Premier Beattie re-opens republic debate
Written by Professor David Flint AM   
Monday, 24 January 2005

"PREMIER BEATTIE REOPENS DEBATE ON REPUBLIC"

 This was the headline in the Courier Mail on Saturday, 22 January 2005 to a report that the Queensland Premier, Peter Beattie had called for the republic to be put back on the national agenda. He says the issue has been badly handled.

While the republic was originally put on the agenda by Mr. Keating, the campaign in the 1999 referendum was led, for the opposition, by Mr. Beazley, with Mr. Turnbull speaking for the ARM.

The result for Mr Beazley was a defeat nationally and in every state, including his home state, Western Australia. In spite of massive political and media support, it was a landslide.

 

And the bill for this folly from its inception was in the vicinity of $150 million-all diverted from the education, health, transport and other budgets.

Mr. Beazley put the republic back on the national agenda in 2000 when he announced that if elected in 2001, Australians would be voting not once, but three times in a convoluted and expensive process, a cascading series of plebiscites and a federal referendum.

We have heard of creeping republicanism, but this is republicanism by exhaustion!

The bill for the republic, at the end of the process, would have climbed to about $360 million! ( This is based on republican testimony in the recent Senate inquiry)

Mr. Latham returned to this proposal for the 2004 election, but with the preposterous rider that the three votes be squeezed into the first term of a Latham government, which would have then been in constant campaign mode with little time for anything else.

 Although denied by some of its backers, this convoluted process is designed to produce yet another politician, a directly elected president, who will have a mandate larger then the prime minister of the day. Each election would cost around 100 million, including the public funding of the candidates.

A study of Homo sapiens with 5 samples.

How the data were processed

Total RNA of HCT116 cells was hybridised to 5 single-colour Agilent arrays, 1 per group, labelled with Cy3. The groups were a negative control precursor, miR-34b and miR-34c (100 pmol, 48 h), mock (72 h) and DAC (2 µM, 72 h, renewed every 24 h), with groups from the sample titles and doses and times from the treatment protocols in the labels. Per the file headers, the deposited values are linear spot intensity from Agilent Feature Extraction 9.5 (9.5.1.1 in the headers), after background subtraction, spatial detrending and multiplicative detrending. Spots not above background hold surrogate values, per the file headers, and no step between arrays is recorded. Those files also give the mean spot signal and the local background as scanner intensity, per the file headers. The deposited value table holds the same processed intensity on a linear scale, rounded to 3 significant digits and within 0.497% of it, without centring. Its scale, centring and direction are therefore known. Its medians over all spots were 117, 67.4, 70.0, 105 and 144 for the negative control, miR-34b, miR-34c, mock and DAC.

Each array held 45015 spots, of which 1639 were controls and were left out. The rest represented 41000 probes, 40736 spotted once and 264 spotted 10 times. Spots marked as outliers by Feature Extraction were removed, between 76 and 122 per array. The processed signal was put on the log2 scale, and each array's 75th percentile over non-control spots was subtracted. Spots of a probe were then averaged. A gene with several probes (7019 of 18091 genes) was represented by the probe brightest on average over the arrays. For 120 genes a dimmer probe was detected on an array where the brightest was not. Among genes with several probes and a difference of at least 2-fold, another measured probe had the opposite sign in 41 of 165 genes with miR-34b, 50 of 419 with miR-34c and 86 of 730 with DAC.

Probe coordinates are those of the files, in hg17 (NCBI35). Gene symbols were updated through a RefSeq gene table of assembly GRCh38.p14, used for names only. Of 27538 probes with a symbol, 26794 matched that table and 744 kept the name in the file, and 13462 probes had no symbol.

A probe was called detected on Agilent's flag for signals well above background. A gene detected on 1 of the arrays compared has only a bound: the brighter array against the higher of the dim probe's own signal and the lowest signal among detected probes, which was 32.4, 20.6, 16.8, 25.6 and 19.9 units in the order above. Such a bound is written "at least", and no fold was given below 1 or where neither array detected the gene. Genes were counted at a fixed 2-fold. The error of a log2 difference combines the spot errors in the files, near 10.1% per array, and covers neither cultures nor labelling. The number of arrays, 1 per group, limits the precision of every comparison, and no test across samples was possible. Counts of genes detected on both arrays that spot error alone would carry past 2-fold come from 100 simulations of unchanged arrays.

The meter would never be turned off. Then there would be the necessary changes to uniforms and symbols, including the armed forces. And as The Age says, the Flag would have to change. The republicans would go back to their previous position on that. Far worse would be the consequences of the flawed model Mr Latham said he preferred.

Fortunately, the deleterious consequences for stable government of trying to marry the Westminster system with an elected presidency with considerable powers are so obvious that those leading republicans-Professor Craven and Mr. Turnbull – confidently predict that once Australian voters have the debate the Founders of our nation ensured we must have before we change our Constitution, the proposal will suffer a defeat even greater than the 1999 landslide.

This issue has now been before the people seven times-the referendum, the convention election and the last five federal elections. And the fact that the republic did not emerge as a lead issue in the last two elections indicates the absolute disinterest the people have in fundamental constitutional change.

What the Australian Labor Party can do to persuade the electorate that it is readiy for government is to demonstrate a concern for the issues which are in the minds of the rank and file. Whenever a politician raises the republic, Australians are beginning to conclude that politician is in danger of being out of touch with mainstream Australia.